GOP legislative leaders back Pence's proposed balanced budget amendment, details still to come

Republican legislative leaders are backing Indiana Gov. Mike Pence's proposal to add a balanced budget amendment to the state constitution, even as details of how it would work are still being sorted out.


The Legislature's top Republicans said following the speech that they support the concept, although they said it won't be a top priority.

Senate President Pro Tem David Long, R-Fort Wayne, said Indiana would be following most states in having a constitutional requirement for a balanced budget. He said lawmakers needed to be cautious in making the amendment flexible enough for state officials to respond to future recessions during its two-year budget cycles.

"It will be minimalistic, whatever we end up with," Long said. "Try to make sure you don't hamstring yourself in the future, but that you do require fiscal discipline for future generations."

The state has nearly $2 billion in cash reserves, or about 12 percent of annual spending. That reserve was largely built under former Gov. Mitch Daniels with a funding boost from President Barack Obama's 2009 federal stimulus program.


"We know to manage our books, and we have legal mechanisms to ensure that happens," said House Minority Leader Scott Pelath, D-Michigan City. "The fact that he just added something in addition to that, well, it's nice to say, but it's not going to have any practical effect on the men and women and children of this state."

Questions surrounding the amendment include whether it would permit the spending of the state's reserves if tax revenues fall short of expectations and, if so, under what circumstances.

John Ketzenberger, president of the nonpartisan Indiana Fiscal Policy Institute, said a balanced budget amendment could limit the Legislature's budget options, which lawmakers now face with the statewide property tax caps that were added to the constitution in 2010.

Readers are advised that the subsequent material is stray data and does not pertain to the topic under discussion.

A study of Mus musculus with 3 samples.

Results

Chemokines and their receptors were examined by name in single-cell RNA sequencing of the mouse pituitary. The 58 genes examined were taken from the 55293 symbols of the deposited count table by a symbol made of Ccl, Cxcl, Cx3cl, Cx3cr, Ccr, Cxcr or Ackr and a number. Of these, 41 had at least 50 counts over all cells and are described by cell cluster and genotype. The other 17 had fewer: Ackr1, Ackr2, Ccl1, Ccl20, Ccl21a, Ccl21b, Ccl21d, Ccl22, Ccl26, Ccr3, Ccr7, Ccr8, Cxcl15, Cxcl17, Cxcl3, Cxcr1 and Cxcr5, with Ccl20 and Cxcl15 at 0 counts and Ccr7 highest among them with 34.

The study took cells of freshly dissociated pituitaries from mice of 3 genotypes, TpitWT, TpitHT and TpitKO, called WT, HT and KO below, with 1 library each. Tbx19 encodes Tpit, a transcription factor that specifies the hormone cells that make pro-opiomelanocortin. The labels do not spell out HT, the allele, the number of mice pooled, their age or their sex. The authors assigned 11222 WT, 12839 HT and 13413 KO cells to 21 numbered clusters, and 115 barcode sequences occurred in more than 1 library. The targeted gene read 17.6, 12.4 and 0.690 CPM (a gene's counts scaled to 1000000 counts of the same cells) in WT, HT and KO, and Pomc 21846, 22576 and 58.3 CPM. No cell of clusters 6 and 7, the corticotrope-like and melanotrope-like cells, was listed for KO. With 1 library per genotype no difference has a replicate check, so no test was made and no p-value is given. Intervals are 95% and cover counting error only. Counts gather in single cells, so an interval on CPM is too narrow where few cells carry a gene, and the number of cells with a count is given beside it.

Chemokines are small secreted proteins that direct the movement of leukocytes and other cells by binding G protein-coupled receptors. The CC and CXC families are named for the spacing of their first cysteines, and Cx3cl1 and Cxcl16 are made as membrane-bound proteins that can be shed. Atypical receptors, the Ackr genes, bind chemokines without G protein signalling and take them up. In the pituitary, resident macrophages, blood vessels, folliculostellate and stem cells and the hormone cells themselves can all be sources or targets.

"When it is in the constitution you just can't just pass a law, you have to find a way to deal with those questions," he said. "It would definitely affect how future General Assemblies approach the budget."

The proposed amendment would have to be approved by two separately elected Legislatures before going before voters in a statewide referendum, which would be 2018 at the earliest.

The subdued embrace of Pence's proposal from legislative Republicans somewhat echoes their response to major tax initiatives from the governor during his first two years in office.

Pence sought a 10 percent personal income tax rate cut in the 2013 session, which saw the Legislature approve a cut half that size to be phased in over several years. Last year, the governor sought to eliminate the property tax on business equipment, but lawmakers ultimately approved only giving counties the option to cut it after local officials complained about revenue losses.

Republican House Speaker Brian Bosma said he believed Pence talked about many more important issues in his speech to lawmakers and called the balanced budget proposal "more of a footnote."

"A balanced budget amendment is a great goal," he said. "I wouldn't call it the focal point of the legislative session."